India is barring domestic manufacturers of military drones from using Chinese-made parts over concerns about security vulnerabilities.

The two neighbours have been part of several border standoffs in recent years, and, citing national security threats, India has already banned a slew of Chinese apps and introduced phased import restrictions on Chinese drones. India’s security leaders are now concerned that their intelligence-gathering could be compromised by Chinese components in their drones’ communication systems, cameras, radio transmission, and operating software, according to several government and industry insiders who spoke anonymously to Reuters.

India is not alone in being concerned that Chinese hardware comes with backdoors that allow Chinese access and thereby compromise national security. The US, which saw Chinese spies breach the US tech supply chain in 2018 and spotted a suspicious Chinese spy balloon earlier this year, worries that China’s intelligence agencies will use Chinese IT firms and their equipment “as routine and systemic espionage platforms.” The UK parliament has also raised an alarm, saying that “any company working alongside another company with links to China could be subject to theft of its intellectual property.”

But New Delhi’s dream of modernizing its military all on its own will prove tricky. At least, that is what other countries going down the same path have found. Technologies and materials can’t be produced at the same scale everywhere, and building manufacturing lines up for them all is an expensive, inefficient, and time-consuming endeavor. There’s also the danger of rubbing China the wrong way, which could goad Beijing into restricting crucial raw material exports to India.

By the digits: India’s military spending

13%: The share of India’s latest budget allocated to defense, amounting to $70 billion—a 13% jump up from the 2022 annual budget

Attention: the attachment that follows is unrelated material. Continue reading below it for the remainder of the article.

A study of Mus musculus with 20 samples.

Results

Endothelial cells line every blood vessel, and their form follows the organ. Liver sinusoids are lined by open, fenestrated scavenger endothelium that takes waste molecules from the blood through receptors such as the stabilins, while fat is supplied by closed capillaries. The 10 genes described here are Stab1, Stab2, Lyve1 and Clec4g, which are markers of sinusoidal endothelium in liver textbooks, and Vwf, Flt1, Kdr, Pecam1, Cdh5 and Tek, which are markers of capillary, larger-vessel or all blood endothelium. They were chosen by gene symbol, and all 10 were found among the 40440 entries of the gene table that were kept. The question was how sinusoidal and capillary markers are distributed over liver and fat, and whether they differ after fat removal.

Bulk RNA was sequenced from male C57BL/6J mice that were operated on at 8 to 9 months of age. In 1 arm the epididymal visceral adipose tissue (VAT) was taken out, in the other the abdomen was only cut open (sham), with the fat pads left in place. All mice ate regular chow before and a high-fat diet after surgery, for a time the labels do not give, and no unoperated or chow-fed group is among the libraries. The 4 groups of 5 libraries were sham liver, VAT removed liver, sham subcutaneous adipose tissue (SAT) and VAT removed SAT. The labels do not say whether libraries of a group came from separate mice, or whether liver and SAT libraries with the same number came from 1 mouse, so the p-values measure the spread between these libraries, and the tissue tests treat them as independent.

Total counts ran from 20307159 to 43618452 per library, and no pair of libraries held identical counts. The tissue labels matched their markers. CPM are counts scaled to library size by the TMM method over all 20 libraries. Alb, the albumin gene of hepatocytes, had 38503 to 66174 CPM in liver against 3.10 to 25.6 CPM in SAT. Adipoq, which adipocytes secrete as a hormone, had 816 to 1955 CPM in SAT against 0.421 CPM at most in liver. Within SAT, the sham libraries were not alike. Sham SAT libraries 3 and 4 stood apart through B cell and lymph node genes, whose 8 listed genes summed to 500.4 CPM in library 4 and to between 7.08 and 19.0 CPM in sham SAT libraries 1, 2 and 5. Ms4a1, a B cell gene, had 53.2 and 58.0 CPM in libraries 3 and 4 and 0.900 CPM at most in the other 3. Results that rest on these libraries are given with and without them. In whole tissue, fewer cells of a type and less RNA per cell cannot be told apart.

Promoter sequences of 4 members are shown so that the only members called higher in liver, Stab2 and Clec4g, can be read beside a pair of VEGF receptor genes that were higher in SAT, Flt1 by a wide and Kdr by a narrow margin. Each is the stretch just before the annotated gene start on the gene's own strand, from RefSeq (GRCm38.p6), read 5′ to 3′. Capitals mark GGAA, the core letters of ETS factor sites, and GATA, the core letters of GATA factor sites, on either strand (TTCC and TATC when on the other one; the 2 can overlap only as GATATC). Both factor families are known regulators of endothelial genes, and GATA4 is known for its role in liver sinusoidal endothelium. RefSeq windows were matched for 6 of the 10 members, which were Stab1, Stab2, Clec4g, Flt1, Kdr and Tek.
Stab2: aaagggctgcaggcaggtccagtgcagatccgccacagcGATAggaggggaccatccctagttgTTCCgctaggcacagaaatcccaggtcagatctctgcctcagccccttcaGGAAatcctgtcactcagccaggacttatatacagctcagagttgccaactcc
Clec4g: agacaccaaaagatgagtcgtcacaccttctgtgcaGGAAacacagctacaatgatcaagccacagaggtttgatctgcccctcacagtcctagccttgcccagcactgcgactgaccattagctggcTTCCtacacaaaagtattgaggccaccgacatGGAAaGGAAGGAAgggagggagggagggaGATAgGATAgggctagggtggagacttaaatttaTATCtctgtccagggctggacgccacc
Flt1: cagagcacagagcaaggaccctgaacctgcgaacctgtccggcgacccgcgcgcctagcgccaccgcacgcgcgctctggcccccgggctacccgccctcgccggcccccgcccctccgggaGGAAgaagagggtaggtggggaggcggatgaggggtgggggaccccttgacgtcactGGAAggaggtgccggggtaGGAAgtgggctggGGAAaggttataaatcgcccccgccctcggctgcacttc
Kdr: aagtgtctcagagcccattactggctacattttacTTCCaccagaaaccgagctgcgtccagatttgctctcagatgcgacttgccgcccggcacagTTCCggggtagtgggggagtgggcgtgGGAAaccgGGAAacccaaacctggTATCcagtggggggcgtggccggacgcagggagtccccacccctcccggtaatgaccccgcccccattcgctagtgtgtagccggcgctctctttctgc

$20 billion: The defense funding allocated to the purchase of new military weapons and platforms

75%: The share of this $20 billion in procurement funds that has been set aside for domestic manufacturers

$3 billion: How much India is spending to buy 31 MQ-9 drones from the US, according to a June announcement

Policy of interest: China’s Military-Civil Fusion policy

With its aggressive Military-Civil Fusion policy, Xi Jinping’s Chinese Communist Party (CCP) has made the relationship between private sector advancements and defense industry applications—which exists world over, although in mostly symbolic ways—a doctrine of sorts.

As a result, the rest of the world is worried about collaborating on even civilian research projects with Chinese companies. Countries like Germany and the US, which worry that China will steal their tech and leapfrog them, are minimizing outbound risks by restricting exports of their sensitive tech to China.

Playing defense

A provision in the US’s 2019 National Defense Authorization Act (NDAA) bans the federal government from obtaining telecommunications and surveillance equipment or services from certain entities, including Chinese military companies such as Huawei and ZTE. Even contracting with companies that make significant use of the equipment and services of these entities was forbidden. The following year, the US banned utilities companies that power critical defense facilities from buying Chinese equipment.

While these laws and regulations send a strong message, the ground reality is different—and speaks to the indispensability of the great Chinese workshop.

Thousands of state and local agencies have continued purchasing products from blacklisted Chinese companies for their schools, hospitals, transit systems, utility departments, and other government facilities, an October 2022 analysis by Foreign Policy and Georgetown University’s Center for Security and Emerging Technology found.

In India, too, banning Chinese parts in drones is likely to follow a similar trajectory. For one, there are few alternatives: 70% of goods in the supply chain are made in China, Sameer Joshi, founder of the small drone supplier NewSpace Research and Technologies, told Reuters. “So if I talk to, let’s say, a Polish guy, he still has his components which are coming via China,” he said. Secondly, non-Chinese parts are more expensive. That’s why some manufacturers continue to import material from China but “white-label it” to keep costs down, Joshi said.